Interactive Leader

Today’s expectations of those in leadership roles are substantially different than they were a few years ago. Workers and managers are often remote or traveling for business, making it hard to interact often enough to build rapport.

Yet, that connection is essential to productivity and employee satisfaction. When workers know their leaders are engaged and interested in their ideas and opinions, they’re more likely to put their full focus on the business’s goals.

Still, even if your job is hands-on and on-site, being an interactive leader in an increasingly virtual world can take time and effort. Because you’re seeking out ways to make this happen, you’re likely to be successful. These four tips will help you on your path to becoming the best interactive leader you can be.

1. Make Yourself Known

In many companies, the leaders hire people to do the hands-on part of running the business while they stay behind the scenes. It’s a tactic that has worked well in the past, but now, employees want to know more about those in charge of their jobs.

It’s easy to make yourself known in brick-and-mortar businesses and remote work simply by scheduling an hour or so into your week to mingle. Walk through the floors and greet each person by name. Ask them how their families are doing and remember the details they provide. When you leave the interaction, make notes in a spreadsheet or note file, and refresh yourself before you visit again.

If you’re leading a large company, invite everyone to join you on a video chat for a working social hour. Both you and they can ask questions, discuss progress and setbacks, and get to know each other’s personalities better.

By putting yourself out there, your staff sees you as a real person. If you do this well, it increases worker loyalty to the company.

2. Book Corporate Trips

Corporate leadership retreats are skyrocketing in popularity because they offer businesses a significant return on their investment. The upfront expense can be hefty, but the ROI you’ll see is more than worth the effort.

These business trips are pulled off in various ways. Some companies use them as incentives to reach goals, while others hold conferences for staff development and training.

Either way, the idea is to book one hotel for everyone to stay at and get to know each other (and you) better. This article by Hotel Engine helps you understand what kind of lodging options you have so that you can choose the best one for your next getaway.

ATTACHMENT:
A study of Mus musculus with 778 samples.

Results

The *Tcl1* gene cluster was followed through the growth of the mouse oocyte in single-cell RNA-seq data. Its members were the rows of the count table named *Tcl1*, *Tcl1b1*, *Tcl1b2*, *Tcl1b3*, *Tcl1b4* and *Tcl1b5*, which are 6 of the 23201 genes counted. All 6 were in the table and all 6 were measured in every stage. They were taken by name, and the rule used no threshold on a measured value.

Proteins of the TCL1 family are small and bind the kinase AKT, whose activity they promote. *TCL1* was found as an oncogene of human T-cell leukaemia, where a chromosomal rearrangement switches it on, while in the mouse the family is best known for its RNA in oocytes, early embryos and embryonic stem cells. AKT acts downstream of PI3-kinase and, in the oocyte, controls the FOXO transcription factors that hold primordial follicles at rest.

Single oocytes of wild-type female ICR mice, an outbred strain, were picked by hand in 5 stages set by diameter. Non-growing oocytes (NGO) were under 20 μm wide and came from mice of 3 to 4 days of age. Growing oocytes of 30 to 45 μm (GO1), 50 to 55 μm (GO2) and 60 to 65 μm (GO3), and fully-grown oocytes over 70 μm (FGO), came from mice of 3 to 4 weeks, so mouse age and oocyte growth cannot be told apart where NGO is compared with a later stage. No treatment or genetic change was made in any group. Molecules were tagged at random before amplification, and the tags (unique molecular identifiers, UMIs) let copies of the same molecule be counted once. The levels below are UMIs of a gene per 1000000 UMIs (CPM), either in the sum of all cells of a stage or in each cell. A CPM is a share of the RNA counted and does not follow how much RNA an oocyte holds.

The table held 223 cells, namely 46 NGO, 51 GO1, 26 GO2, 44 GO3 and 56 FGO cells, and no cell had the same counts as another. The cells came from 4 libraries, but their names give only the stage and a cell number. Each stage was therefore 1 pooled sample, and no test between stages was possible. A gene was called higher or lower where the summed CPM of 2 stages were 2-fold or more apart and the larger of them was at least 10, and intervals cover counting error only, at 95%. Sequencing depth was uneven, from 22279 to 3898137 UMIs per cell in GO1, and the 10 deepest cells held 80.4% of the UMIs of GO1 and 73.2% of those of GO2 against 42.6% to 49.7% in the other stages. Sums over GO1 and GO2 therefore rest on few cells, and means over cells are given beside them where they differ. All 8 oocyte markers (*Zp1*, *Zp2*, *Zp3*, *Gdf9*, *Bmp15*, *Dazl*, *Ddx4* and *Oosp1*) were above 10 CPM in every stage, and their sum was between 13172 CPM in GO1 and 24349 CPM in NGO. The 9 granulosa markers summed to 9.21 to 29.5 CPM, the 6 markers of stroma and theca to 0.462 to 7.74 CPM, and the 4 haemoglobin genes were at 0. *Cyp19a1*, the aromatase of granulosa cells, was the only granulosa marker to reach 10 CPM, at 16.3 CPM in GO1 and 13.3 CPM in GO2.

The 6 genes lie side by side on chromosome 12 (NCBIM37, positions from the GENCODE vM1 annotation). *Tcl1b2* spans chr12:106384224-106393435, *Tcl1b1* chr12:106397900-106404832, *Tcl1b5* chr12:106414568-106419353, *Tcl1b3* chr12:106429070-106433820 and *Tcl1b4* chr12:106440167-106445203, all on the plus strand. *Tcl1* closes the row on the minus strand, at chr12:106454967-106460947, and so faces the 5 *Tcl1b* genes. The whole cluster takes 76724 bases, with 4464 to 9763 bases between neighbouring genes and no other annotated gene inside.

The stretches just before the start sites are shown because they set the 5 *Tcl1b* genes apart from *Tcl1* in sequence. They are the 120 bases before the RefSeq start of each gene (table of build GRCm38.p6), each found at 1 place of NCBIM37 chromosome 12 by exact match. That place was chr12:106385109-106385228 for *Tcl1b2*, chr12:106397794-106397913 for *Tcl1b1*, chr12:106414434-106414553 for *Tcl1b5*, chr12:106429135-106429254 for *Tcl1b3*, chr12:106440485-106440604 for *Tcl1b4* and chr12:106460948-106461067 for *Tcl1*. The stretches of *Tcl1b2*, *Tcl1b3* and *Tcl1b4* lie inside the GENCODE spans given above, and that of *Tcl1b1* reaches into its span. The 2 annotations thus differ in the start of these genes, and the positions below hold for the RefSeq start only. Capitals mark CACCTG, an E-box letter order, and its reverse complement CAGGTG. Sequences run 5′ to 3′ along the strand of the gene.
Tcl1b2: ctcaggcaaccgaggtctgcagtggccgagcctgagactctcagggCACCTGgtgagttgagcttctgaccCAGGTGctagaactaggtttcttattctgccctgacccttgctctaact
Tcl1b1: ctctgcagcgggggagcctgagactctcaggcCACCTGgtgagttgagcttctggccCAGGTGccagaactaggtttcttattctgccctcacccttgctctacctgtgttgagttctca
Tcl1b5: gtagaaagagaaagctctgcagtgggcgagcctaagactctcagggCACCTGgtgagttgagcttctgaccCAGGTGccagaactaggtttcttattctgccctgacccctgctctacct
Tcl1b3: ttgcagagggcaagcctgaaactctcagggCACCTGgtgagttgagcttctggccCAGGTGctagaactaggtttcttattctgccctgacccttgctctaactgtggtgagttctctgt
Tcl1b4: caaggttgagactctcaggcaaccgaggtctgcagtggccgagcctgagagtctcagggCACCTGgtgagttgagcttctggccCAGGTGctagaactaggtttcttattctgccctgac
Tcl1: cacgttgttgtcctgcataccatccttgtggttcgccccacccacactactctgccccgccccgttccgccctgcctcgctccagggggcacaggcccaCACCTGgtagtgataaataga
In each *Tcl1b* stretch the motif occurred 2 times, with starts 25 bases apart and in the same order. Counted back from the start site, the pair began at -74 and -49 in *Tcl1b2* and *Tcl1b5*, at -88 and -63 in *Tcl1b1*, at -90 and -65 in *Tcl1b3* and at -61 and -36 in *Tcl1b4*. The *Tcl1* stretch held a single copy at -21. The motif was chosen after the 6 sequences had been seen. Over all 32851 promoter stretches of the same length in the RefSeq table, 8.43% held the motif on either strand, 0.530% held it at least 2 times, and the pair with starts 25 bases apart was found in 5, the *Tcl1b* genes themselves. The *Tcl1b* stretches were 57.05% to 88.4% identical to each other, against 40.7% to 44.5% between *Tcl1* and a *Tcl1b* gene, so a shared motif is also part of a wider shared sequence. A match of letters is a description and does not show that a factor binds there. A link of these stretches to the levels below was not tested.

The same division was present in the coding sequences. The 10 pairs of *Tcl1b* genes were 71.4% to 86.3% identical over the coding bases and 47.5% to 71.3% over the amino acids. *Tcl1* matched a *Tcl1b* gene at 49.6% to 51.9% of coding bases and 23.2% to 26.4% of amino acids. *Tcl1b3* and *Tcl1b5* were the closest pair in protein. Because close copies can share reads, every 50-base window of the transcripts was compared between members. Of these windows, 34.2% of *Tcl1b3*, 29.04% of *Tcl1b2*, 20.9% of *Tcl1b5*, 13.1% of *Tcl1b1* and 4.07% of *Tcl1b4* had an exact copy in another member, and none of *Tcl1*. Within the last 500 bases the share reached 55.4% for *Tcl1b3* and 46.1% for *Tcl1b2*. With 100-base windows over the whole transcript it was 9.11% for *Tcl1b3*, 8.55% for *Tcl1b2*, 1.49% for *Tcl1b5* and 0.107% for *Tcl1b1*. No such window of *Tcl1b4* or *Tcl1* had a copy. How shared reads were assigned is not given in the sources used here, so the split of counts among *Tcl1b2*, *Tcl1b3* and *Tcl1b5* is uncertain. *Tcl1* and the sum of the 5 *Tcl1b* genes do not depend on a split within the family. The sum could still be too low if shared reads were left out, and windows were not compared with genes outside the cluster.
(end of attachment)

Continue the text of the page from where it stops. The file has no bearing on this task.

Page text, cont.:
Once you decide on the destination, the next step is setting itineraries that encourage business productivity and employee relaxation. Ultimately, the goal is to boost your worker’s loyalty and increase their knowledge of the company’s goals.

By providing everyone with an enjoyable trip, those who didn’t go will want to work harder and join in on the next one.


When there’s a problem, your staff are technically supposed to bring it up to the person directly above them. But this often prevents you from knowing what’s happening in the company.

Increase the interactivity of your leadership by requesting everyone CC you in their communications. Let them know you’re not “checking up on them” but that you want to understand the issues and feedback that are part of the daily work culture.

This “open channel” policy can show workers that you’re interested in everything from the smallest to the biggest parts of the business. If you continually show them that it’s okay to complain (as long as they’re looking for solutions, not trying to add drama), this safe environment helps everyone grow.

4. Go Old-School

We’ve gotten so used to technology that many of us forget the value of old-fashioned thank-you notes and in-person communication.

For instance, instead of texting or emailing your workers a “Happy Birthday” message, send them flowers with a note written by you that tells them how much you appreciate them. If they have a life-changing event, such as a wedding, birth, or loss in their family, congratulate them or offer condolences in person. If you can cook or bake, make them something special to celebrate the occasion or help them through their hard time.

These old-school methods are usually so unexpected that they add a unique, warm touch to a world full of cold and artificial technology.


Being a more interactive leader doesn’t mean taking hours of personal development classes and having regular “team-building” sessions. It’s something that will eventually become part of your daily persona and the work environment.

Let these four simple tips guide you as you strengthen your leadership skills and get to know what your employees need on an individual basis.